Boko Haram: Humanitarian Actors want Military Probed over Alleged 22,000 Missing Persons in North-east





A call has gone for the probe of the counter-insurgency operation in the North-east
The International Committee on Red Cross (ICRC) has claimed that nearly 22,000 Nigerians have been reported as missing in the ongoing crisis in the North-east.
This figure, according to the ICRC, represents, the highest number of missing persons registered with the ICRC in any country.
It also claimed that nearly 60 per cent of the reported missing persons, were minors at the time they went missing, meaning thousands of parents do not know where their children are and if they are alive or dead.
A communique from the Roundtable Meeting on Justice for Missing Persons in the North-east
organized by the International Centre for Investigative Reporting (ICIR) with sponsorship from Ford Foundation held last week in Abuja, recommended that there should be a database with the government covering people who are being incarcerated, to match against allegations of persons going missing or being extrajudicially killed.
The meeting which brought together human rights activists, media practitioners, participants from non-governmental organisations, government security agencies, as well as representatives of government (including the National Assembly, Ministries, Departments, and Agencies) to deliberate on what can be done to improve the conditions of residents of violence-stricken regions in the country, particularly the North-east, who have gone missing or have been abducted and their loved ones, also recommended that rules of warfare, which require that the government must account for the missing and the dead, should be upheld.
Other recommendations include, that there is need to empower the media, with funding and other resources, so that it can continue fostering accountability and transparency in governance, as well as to bring touching issues affecting people in the Northeast to the front burner, through investigative reporting.
“Government at all levels needs to start recognising citizens as real people and not just numbers.
“We need to compile some of the incidences of disappearance and file a formal complaint against Nigeria at the International Criminal Court (ICC).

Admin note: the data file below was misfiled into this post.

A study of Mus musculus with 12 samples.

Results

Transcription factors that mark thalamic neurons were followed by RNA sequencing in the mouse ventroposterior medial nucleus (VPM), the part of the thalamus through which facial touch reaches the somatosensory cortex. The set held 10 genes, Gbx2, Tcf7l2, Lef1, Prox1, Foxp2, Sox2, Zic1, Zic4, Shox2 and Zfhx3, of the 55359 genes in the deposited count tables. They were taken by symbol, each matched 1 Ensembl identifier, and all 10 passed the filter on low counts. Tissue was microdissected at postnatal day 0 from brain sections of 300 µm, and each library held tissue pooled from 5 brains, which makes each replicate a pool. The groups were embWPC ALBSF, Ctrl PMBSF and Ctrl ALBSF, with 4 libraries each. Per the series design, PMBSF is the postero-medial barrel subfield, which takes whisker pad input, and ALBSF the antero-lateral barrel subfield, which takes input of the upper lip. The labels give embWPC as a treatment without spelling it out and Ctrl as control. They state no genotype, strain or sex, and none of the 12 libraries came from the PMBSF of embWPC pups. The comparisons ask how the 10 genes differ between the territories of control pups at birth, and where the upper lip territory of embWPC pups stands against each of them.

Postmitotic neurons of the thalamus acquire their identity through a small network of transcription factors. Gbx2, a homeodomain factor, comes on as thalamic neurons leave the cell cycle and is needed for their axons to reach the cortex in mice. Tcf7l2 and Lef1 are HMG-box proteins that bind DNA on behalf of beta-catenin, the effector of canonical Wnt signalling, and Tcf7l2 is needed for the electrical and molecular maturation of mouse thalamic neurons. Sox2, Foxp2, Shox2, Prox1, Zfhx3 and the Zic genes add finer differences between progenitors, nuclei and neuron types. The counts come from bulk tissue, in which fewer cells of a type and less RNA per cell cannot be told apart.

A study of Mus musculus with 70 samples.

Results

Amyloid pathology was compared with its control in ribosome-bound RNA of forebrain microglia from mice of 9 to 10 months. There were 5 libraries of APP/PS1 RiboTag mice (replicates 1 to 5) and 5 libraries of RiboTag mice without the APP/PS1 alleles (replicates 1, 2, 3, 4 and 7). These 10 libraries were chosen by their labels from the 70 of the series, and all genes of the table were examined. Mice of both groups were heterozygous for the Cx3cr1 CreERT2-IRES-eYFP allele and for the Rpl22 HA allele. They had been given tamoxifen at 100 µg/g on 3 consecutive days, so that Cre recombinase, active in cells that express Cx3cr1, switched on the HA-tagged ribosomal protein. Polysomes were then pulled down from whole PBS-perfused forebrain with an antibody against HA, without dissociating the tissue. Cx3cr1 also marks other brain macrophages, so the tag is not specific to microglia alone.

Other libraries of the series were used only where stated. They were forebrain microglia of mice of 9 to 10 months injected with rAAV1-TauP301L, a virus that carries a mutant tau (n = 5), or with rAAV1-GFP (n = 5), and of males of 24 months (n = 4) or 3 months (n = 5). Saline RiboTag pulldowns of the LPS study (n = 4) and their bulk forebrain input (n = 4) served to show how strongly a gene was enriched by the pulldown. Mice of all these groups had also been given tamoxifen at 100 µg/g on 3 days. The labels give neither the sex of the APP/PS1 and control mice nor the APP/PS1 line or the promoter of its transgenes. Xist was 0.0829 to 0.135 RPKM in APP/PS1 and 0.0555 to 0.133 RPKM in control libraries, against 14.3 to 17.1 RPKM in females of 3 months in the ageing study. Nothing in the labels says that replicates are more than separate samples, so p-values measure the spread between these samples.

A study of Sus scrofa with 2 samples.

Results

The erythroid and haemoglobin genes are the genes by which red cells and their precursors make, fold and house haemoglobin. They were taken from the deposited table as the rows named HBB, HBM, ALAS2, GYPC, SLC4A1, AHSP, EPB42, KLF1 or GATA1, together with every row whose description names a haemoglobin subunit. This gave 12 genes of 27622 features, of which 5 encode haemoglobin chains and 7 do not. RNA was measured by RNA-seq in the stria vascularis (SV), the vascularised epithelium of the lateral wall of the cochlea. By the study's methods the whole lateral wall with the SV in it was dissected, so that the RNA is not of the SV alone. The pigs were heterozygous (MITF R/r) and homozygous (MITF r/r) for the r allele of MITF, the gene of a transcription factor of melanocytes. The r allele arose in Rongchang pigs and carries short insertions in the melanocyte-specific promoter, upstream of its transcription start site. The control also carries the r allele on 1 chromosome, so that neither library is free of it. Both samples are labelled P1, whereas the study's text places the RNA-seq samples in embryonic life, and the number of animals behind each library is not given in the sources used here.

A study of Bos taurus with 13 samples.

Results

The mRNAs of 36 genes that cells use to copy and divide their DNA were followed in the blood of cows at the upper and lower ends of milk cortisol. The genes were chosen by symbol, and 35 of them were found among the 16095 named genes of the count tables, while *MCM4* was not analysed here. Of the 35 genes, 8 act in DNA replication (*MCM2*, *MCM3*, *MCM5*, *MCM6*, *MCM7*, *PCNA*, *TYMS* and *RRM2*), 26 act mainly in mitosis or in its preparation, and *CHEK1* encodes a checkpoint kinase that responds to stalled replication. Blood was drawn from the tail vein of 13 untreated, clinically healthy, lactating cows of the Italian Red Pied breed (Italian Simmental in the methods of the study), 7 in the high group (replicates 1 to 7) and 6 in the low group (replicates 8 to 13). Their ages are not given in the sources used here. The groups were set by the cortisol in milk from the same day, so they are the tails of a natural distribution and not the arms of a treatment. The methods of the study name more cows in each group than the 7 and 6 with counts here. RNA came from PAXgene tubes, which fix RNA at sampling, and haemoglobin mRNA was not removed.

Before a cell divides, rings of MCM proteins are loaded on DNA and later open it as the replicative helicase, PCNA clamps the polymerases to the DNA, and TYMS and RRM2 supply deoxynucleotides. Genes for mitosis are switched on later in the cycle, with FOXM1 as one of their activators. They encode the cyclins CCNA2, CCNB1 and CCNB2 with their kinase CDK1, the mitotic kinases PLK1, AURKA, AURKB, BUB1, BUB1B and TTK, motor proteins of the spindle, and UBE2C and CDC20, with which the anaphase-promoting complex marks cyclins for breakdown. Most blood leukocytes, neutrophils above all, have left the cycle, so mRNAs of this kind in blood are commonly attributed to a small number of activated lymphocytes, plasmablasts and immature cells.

“The women in the North-east should be empowered by government and other stakeholders as this will have a ripple effect on the larger society. They should also be organised to speak up about the issues affecting them.”
The Roundtable equally recommended that: “There is the need to create awareness on the problem of missing persons in Nigeria, especially using the opportunity created by various international days.
“The problem should not only be seen as a human rights issue but as an issue closely linked to the government’s fundamental responsibility to the people as enshrined under section 14(2)(b) of the 1999 Constitution as amended.”
It was suggested that it was not enough to account for missing persons, but justice must also be done through the provision of adequate assistance, in form of basic amenities, economic empowerment, basic infrastructural development, psycho-social and basic healthcare, among others and the missing persons should be returned to their communities and reunited with their family members.”
It was also suggested that the serving military officers, for instance those identified in the recently released documentary and other published  investigative reports to have allegedly killed numerous people in the North-east extrajudicially, including Colonel Cyril Ofurumazi, should be probed and made to answer for their actions, while others who were not mentioned but are guilty of similar criminal conduct should likewise be investigated.
Part of the recommendations also include that: “Well-meaning persons and organisations should engage and partner with relevant stakeholders, interest groups such as Jire Dole, and other affected persons.
“The government should empower former missing persons economically and also create shelters, possibly makeshift, where they can feel safe following their rescue or escape.
“The government should implement the International Convention for the Protection of All Persons from Enforced Disappearance, which it has signed and ratified, by first setting up and mandating a commission to supervise this task.
“The Nigerian military should publicise the number of persons who have been arrested in connection to the insurgency in the North-east, the number of those who have died in Giwa Barracks and other detention facilities, as well as the exact locations where those who have been arrested are being kept.
“The release of detained innocent persons should be prioritised while those suspected to have committed crime or to be members of Boko Haram should be investigated and tried.
“A motion should be drafted and introduced at the National Assembly to push government to initiate a missing persons’ register and work towards getting social justice for the victims.
“The government should set up a Truth, Reconciliation, and Reparation Committee that will facilitate the venting of grievances, acknowledgement of atrocities, and compensation of victims.
“We should put in place a process of repentance, remorse, and reintegration back to the society.”
The Roundtable suggested that it’s recommendations should be implemented on a community by community or state by state basis, and then extended to other affected places.